As Malik McDowell sat in a jail cell for 11 months in 2019, he wondered whether he'd ever have a chance to play football again.
McDowell, a 2017 second-round pick drafted by the Seattle Seahawks, was two years removed from being on a football field. His life had spiraled into a pit of bad habits and crime shortly after he accomplished his NFL dream, and he was struggling to find a way out.
Three months after he was drafted, he suffered a head injury in an ATV accident. A month later, he was booked with a DUI charge and given 12 months of probation. Then, in December, he was charged with disorderly conduct.
By March 2019, the Seahawks released McDowell. He was then charged for two more incidents and pleaded guilty to all charges in October 2019. He was sentenced to 11 months in jail.
Football was completely out of the picture for McDowell. He had nowhere to go, and the fault was on no one else but him.
"Jail gave me a lot of time to think about what I wanted to do in life," he said Tuesday. "It really gave me the motivation to push and try to fight to get back what I lost."
But in the span of one year, McDowell has managed to build a new, healthier lifestyle — and earn a second chance in the NFL.
It's happening in Cleveland, where McDowell was told by head coach Kevin Stefanski on Tuesday he was going to be a part of the 53-man roster. His focus has been solely on football and cracking a roster spot ever since the Browns signed McDowell in May. And after proving his talents and strength were up to NFL speed through training camp, his path toward recovery reached a new milestone.
"It was more of a manifestation," McDowell said. "I was always thinking, pushing, working. I showed them that I had that hunger. I told them how much I wanted it, and how much I didn't want to let them down."
The work paid off over the course of five long weeks of training camp under the sun at CrossCountry Mortgage Campus. McDowell was one of eight players competing for a role at defensive tackle, and he always seemed to stick out — not because he was 6-foot-6 and always one of the biggest players on the field, but because he constantly found ways to stuff run plays and attack the quarterback.
McDowell was a force in the two preseason games he played in, registering seven tackles, 1.5 sacks, three quarterback hits and two tackles for a loss. He had the speed to get to the outside and have a shot at tackling a running back. He also had the brute strength necessary to bully offensive linemen and sack a quarterback.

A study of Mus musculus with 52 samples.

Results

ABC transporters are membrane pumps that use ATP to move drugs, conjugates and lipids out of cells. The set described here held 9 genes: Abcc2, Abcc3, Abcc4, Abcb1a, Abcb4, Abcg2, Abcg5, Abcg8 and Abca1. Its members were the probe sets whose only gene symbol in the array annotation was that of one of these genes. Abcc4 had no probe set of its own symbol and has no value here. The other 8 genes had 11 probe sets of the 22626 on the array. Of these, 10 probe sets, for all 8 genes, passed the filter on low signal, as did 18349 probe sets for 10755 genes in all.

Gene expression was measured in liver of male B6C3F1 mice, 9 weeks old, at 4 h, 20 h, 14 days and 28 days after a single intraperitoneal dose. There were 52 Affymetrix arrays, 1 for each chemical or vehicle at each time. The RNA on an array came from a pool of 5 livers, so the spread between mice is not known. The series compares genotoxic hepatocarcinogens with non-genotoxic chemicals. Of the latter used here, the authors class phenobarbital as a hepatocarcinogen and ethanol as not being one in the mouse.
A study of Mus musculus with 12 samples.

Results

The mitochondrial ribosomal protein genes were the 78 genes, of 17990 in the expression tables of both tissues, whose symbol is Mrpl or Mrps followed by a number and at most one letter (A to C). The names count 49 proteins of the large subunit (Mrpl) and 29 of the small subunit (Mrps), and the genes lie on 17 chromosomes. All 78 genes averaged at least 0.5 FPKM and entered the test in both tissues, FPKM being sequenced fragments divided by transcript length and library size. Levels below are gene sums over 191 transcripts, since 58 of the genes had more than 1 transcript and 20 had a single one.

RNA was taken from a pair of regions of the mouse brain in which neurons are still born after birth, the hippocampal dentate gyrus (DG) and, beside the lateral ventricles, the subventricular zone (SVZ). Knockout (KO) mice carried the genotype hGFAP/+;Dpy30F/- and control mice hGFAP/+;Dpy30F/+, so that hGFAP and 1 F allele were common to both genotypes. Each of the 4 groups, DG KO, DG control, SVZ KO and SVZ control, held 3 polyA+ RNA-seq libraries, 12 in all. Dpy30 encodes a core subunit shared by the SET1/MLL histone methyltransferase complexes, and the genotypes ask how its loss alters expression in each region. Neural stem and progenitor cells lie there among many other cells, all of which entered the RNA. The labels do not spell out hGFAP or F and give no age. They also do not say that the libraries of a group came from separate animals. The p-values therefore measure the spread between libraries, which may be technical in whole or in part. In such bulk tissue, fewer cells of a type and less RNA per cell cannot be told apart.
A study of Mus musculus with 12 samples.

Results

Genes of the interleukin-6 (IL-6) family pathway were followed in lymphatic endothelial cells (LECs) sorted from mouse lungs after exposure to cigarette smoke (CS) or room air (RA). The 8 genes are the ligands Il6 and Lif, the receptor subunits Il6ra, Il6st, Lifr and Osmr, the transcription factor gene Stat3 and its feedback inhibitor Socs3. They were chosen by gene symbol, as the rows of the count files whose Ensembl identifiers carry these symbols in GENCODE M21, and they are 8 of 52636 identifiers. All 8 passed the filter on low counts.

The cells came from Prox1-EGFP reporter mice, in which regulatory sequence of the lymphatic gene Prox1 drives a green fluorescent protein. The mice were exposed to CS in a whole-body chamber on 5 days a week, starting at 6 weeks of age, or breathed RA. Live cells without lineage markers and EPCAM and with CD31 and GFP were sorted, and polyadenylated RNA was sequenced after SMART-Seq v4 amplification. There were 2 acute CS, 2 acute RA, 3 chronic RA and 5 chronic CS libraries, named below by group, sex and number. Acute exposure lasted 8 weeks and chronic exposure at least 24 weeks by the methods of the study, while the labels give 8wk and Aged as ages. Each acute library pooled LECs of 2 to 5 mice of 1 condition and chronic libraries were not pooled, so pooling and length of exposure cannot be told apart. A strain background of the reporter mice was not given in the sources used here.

"He is very powerful," Stefanski said. "He's made sure to make the most of this opportunity. He is going to have to continue to do that, and he understands that."
McDowell found motivation to seek the opportunity from his mom, Joya Crowe, who always believed his son would make it in the NFL. The lowest point of it all came when he called her in jail to let her know he was in trouble again, but she continued to tell him she believed in him.
Still, the disappointment in her voice was more crushing than the sound of the cell door closing behind him. She had a vision for him, and he was letting her down.
"I disappointed myself a lot, but hurting her… She was the only one that stuck by my side," he said. "I put her through some unnecessary pain. That was the biggest let down — just letting her down."
McDowell attributed all of his change to his mother, who motivated him to focus and work out every day once he was released from jail even though no NFL calls were coming his way. She believed they would come soon. Eventually, McDowell did, too.
The first call came in the spring of 2021. The Browns were on the other end of the line, and they wanted to give him a chance to prove his efforts — both mentally and physically — could pay off.
Now, three months after McDowell arrived in Cleveland with long odds to make the final cut in training camp, he has a chance to be on the field Week 1 in Kansas City. The Browns are a Super Bowl contender, and they believe McDowell will give them a chance to get there.
McDowell has been given a second chance, and he's made the most of it.
"I didn't know if I'd ever be able to play football again," he said. "But God blessed me, and now I'm back here."